In skin care and beauty products, PMMA may act as a very mild form of sunscreen. According to its Plexiglas Acrylic Data sheet, PMMA filters ultraviolet (UV) light at wavelengths similar to ordinary window glass, about 300-400 nm. It does this by reflecting light away from your skin. Considering the UVB range is 280-315 nm and the UVA range is 320-400 nm, beauty products containing a high concentration of PMMA should be tested for their SPF potential.
Other than that, PMMA offers hydration as a lubrication enhancer in cosmetics. Once purified and refined, PMMA helps to fill in wrinkles and provide a “gliding” application (Sekisui Plastics, Inc.), in a manner somewhat similar to the silicones found in many beauty products. It is unlikely to have any prolonged anti-aging effects, aside from reflecting UV light.
Is PMMA safe?
PMMA has been proven to be compatible with human tissue, making it an important material for transplants and prosthetics in the fields of orthopedics and ophthalmology. A five-year safety study published in Dermatologic Surgery (2007) found that the safety profile of the product is consistent with that of other soft tissue injectable products, meaning that 2/145 (1.3%) participants at the end of the study had developed granulomas. Granulomas initially appear as areas of inflamed tissue, and are caused by various assortments of infilitrates of immune cells. While injectable-linked granulomas typically improve with therapy, they are certainly undesirable.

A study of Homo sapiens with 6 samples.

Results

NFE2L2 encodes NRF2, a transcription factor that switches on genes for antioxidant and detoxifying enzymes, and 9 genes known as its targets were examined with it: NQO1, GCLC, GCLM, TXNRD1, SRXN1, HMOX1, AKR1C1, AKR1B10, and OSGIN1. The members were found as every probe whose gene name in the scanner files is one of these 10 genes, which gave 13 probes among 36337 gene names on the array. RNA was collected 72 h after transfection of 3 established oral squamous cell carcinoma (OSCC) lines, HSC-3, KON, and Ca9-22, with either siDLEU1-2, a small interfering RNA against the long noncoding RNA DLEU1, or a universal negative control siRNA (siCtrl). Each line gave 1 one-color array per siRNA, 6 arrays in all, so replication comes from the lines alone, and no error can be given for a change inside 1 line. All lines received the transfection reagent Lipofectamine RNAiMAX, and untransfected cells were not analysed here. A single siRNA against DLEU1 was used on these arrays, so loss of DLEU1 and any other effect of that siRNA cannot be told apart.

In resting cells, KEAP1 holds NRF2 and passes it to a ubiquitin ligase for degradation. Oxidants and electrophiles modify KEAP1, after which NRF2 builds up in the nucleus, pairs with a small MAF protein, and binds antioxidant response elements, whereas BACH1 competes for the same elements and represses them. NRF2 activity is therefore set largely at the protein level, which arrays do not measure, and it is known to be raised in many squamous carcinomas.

It has not yet been proven whether or not PMMA in topically-applied beauty products causes granulomas, but it is highly unlikely, considering that granulomas are associated with injectables in general. A rare sensitivity to methacrylates could cause a potential problem: The FDA, in a study about the use of PMMA in artificial nails, found that “traces of the reactive monomers could result in an adverse reaction, such as redness, swelling, and pain in the nail bed, among people who have become sensitive (allergic) to methacrylates.”
Based on the evidence available thus far, PMMA is perfectly safe in topically-applied beauty products (e.g., skin care, cosmetics) unless you have a rare sensitivity to methacrylates. When used as an injectable, PMMA has been associated with a low risk of granulomas, like many other cosmetic fillers.